Despite their reputation for unity, Republicans are increasingly finding deep schisms within their ranks. GOP policymakers and their allies are fighting amongst themselves on everything from immigration to gun safety, fiscal strategies to defense.
But just below the surface, perhaps the most striking disagreement relates entirely to electoral considerations.
In public, Republicans insist their biggest problem is rhetorical -- they need to identify a better way to sell their ideas to voters. In private, Republicans focus more on their primary problem -- GOP leaders are convinced that the party would be in far better shape right now were it not for rank-and-file Republican voters nominating unelectable loons in so many key races.
It's a problem the party establishment is desperate to fix. Indeed, in the wake of their 2012 defeats, Republicans have taken some steps to strengthen the party establishment and prevent fiascoes like the ones the GOP has seen in Delaware, Nevada, Colorado, Indiana, Missouri, and elsewhere.
But it's easier said than done. Indeed, party leaders seem to believe earlier endorsements from the GOP establishment might send unmistakable signals to the base and would-be challengers, but that misses the point -- the Republican base doesn't much care whom the establishment prefers. If the party's heavyweight players are going to make a real difference in crushing extremist clowns before they win primaries, it's going to cost a lot of money
Enter Karl Rove's operation to the rescue.
The biggest donors in the Republican Party are financing a new group to recruit seasoned candidates and protect Senate incumbents from challenges by far-right conservatives and Tea Party enthusiasts who Republican leaders worry could complicate the party's efforts to win control of the Senate.
The group, the Conservative Victory Project, is intended to counter other organizations that have helped defeat establishment Republican candidates over the last two election cycles. It is the most robust attempt yet by Republicans to impose a new sense of discipline on the party, particularly in primary races.
The Conservative Victory Project is the latest effort from Rove, and will exist as an appendage of sorts to the American Crossroads super PAC.
Its efforts will not go unchallenged.
Roll Call reported over the weekend that the Senate Conservatives Fund, founded by former South Carolina Sen. Jim DeMint (R), is already condemning Rove's new project.
"This is a continuation of the establishment's effort to avoid blame for their horrible performance in the 2012 elections," Senate Conservatives Fund Executive Director Matt Hoskins said. "They blew a ton of races up and down the ticket because they recruited moderate Republicans who didn't stand for anything. Now they want to use this new PAC to trick donors into giving them more money so they can lose more races."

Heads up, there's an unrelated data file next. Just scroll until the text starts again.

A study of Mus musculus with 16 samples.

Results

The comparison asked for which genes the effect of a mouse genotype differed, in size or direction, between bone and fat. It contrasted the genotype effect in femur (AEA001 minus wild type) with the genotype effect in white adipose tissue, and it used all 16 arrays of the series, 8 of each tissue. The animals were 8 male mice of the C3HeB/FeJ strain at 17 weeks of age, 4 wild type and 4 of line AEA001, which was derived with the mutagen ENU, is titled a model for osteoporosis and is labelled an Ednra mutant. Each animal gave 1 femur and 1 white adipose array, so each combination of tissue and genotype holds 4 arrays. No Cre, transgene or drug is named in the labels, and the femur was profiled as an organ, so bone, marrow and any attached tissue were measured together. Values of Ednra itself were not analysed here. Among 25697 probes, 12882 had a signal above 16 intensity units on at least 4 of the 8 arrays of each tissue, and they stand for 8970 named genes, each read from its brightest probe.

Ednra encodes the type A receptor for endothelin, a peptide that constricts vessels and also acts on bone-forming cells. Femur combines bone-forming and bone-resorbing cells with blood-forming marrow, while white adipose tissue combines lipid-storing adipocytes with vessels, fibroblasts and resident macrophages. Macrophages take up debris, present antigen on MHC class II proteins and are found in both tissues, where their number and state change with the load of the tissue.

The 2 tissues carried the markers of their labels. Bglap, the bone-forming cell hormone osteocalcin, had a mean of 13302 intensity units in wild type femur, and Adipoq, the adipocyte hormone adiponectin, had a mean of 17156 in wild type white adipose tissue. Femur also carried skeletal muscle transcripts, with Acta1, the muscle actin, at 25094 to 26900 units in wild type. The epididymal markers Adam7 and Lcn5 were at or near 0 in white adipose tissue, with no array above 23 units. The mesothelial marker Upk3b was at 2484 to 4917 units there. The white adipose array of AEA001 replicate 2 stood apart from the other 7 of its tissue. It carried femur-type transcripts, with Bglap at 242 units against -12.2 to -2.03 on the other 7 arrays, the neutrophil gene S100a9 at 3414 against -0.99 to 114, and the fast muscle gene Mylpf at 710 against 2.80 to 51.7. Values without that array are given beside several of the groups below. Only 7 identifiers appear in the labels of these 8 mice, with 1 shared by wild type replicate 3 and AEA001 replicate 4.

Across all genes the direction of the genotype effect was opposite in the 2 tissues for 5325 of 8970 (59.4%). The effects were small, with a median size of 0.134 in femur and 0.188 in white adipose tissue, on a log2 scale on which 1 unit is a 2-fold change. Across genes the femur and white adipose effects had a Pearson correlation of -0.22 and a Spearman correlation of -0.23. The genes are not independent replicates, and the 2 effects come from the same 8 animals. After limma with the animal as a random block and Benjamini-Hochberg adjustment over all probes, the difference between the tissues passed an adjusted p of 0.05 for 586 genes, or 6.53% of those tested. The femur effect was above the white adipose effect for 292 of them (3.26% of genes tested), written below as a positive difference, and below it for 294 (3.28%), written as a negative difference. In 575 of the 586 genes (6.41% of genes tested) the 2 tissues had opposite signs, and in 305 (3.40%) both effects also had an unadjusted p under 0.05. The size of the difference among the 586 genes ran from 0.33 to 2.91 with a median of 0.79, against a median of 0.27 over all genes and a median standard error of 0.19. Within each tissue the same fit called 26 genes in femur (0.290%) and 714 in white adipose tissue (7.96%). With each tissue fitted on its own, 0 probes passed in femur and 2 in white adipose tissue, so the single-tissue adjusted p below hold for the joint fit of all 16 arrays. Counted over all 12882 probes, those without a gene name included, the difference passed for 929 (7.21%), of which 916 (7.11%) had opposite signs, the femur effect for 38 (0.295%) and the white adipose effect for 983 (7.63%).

Club for Growth spokesman Barney Keller echoed the sentiment: "They are welcome to support the likes of Arlen Specter, Charlie Crist and David Dewhurst. We will continue to proudly support the likes of Pat Toomey, Marco Rubio and Ted Cruz."
Hoskins and Keller have a point. On the other hand, so does Rove. In fact, the great irony of this fight is that neither side of the Republican divide has any credibility at all.
Rove's American Crossroads raised breathtaking amounts of money in 2012, promising right-wing donors an impressive return on investment, and proceeded to lose nearly every race Rove targeted. Right-wing groups, meanwhile, weren't much better, and helped nominate ridiculous candidates that led to Democratic victories.
Rove and his allies argue, "Listen to us or we'll be stuck with another bunch of candidates like Akin, Mourdock, O'Donnell, and Angle." Simultaneously, the Club for Growth and its allies argue, "Listen to us or we'll be stuck with Karl Rove's 99% failure rate."
The opportunity for a round of bitter proxy fights will materialize very soon: Steve King in Iowa, Paul Broun in Georgia, and Joe Miller in Alaska are each poised to launch right-wing Senate bids, and by most measures, these candidates are so far from the mainstream they're very likely to fail -- after winning their respective primaries.
The Conservative Victory Project will likely try to take them down during their respective primaries, and even-further-right-wing groups will push in the opposite direction.
It won't be pretty, but Democrats will love every minute of it.